Securing reliable employment and having access to adequate and affordable housing are critical first steps in the immigration settlement process. Newcomers, including immigrants and refugees, often face increasing barriers to affordable housing. This puts many newcomers at risk of homelessness because of various factors, including poverty, discrimination, racism, cuts to social programs, unrecognized foreign employment and educational credentials, delays in work permits and/or health related issues. As a result, more immigrants and refugees are requiring shelter, drop-in and housing assistance in addition to settlement services. 

The vast majority of foreign-born population live in larger urban centres in Ontario, British Columbia, Quebec and Alberta. However, it is important to note that homelessness among newcomers is not exclusively an urban, inner-city phenomenon. Research studies focusing on homelessness in rural and northern communities highlight the importance of recognizing the distinct needs of newcomers in these settings. However, the high prevalence of hidden homelessness, precarious housing and overcrowding adds complexity to the issue, making it difficult to properly measure its extent.  Although the total number of newcomers experiencing homelessness is unknown, communities across Canada are including questions in their point-in-time counts to get a greater sense of the figures.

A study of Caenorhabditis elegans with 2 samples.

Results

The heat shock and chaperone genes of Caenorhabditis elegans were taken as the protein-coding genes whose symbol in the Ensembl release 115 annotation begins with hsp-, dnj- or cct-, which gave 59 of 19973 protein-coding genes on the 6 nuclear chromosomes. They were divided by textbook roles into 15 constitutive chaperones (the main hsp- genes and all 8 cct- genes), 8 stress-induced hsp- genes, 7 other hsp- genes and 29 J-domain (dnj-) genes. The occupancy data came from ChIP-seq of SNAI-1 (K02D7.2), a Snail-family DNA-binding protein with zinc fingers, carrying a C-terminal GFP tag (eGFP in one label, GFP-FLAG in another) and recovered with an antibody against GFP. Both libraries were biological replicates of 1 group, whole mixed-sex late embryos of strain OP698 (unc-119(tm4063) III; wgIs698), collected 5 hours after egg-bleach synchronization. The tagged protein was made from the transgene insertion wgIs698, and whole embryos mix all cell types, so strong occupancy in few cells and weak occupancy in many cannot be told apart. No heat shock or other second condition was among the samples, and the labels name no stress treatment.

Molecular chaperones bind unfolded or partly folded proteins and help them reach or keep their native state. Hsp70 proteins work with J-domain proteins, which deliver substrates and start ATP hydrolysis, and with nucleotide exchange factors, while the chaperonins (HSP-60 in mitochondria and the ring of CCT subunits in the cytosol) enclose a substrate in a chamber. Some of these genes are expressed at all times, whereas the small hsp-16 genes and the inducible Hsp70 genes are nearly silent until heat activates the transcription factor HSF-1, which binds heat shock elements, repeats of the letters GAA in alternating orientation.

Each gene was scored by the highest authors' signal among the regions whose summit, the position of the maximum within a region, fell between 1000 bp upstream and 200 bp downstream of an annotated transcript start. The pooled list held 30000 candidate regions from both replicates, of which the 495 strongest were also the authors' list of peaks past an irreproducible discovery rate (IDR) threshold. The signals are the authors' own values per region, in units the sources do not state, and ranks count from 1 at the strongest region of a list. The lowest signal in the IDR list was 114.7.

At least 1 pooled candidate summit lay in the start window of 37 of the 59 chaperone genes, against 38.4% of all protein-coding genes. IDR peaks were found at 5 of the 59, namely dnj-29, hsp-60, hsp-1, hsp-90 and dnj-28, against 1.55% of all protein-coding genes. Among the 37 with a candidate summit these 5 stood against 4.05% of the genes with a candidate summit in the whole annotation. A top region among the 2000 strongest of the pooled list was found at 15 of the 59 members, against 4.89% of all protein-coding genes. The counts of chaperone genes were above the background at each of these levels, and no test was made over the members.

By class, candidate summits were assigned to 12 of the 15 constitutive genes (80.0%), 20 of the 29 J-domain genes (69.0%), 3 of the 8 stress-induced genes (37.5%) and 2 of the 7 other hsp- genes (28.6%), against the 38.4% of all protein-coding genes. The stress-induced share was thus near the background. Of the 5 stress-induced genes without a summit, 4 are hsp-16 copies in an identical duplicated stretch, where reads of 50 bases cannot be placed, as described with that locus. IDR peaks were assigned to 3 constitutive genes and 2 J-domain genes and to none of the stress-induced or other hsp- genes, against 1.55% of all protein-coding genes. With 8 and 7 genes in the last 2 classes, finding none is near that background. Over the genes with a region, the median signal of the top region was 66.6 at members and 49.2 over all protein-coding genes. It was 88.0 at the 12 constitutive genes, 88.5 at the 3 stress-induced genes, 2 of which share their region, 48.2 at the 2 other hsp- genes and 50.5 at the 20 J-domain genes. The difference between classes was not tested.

The needs of newcomers experiencing homelessness are often different than of those who are Canadian-born. Many are adjusting to a new language and culture, lacking in social capital and/or facing unique challenges with respect to housing, employment, health and legal issues. Newcomers struggling to secure employment and housing often adopt survival strategies to navigate their new host society. Should these coping systems fail, they may not only feel an intensified loss of their home but also anxiety, isolation and/or separation from their limited networks, culture, family and history.

In terms of service provision, a study in Toronto found that in general, clients felt that the settlement agencies were supportive and sufficient in numbers. Many, offer a range of programs including housing assistance, youth programming, employment counseling, language training and/or health services. Despite also offering one-on-one counseling, employment services and life-skills programs, a study in Vancouver concluded that shelter providers and their staff tend not to have the necessary skills and/or resources to effectively serve newcomers. On the other hand, rural communities not only lack rental housing, emergency shelters and other essential services for people experiencing homelessness, but may not have settlement agencies to effectively support them. Although there have been no broad systemic attempts to develop accessible and responsive shelter and drop-in services, this is increasing, especially in urban areas.

As part of our multicultural Canadian identity, it is in Canada’s best interest to welcome, support and learn from newcomers, rather than expect them to learn from Canadian society.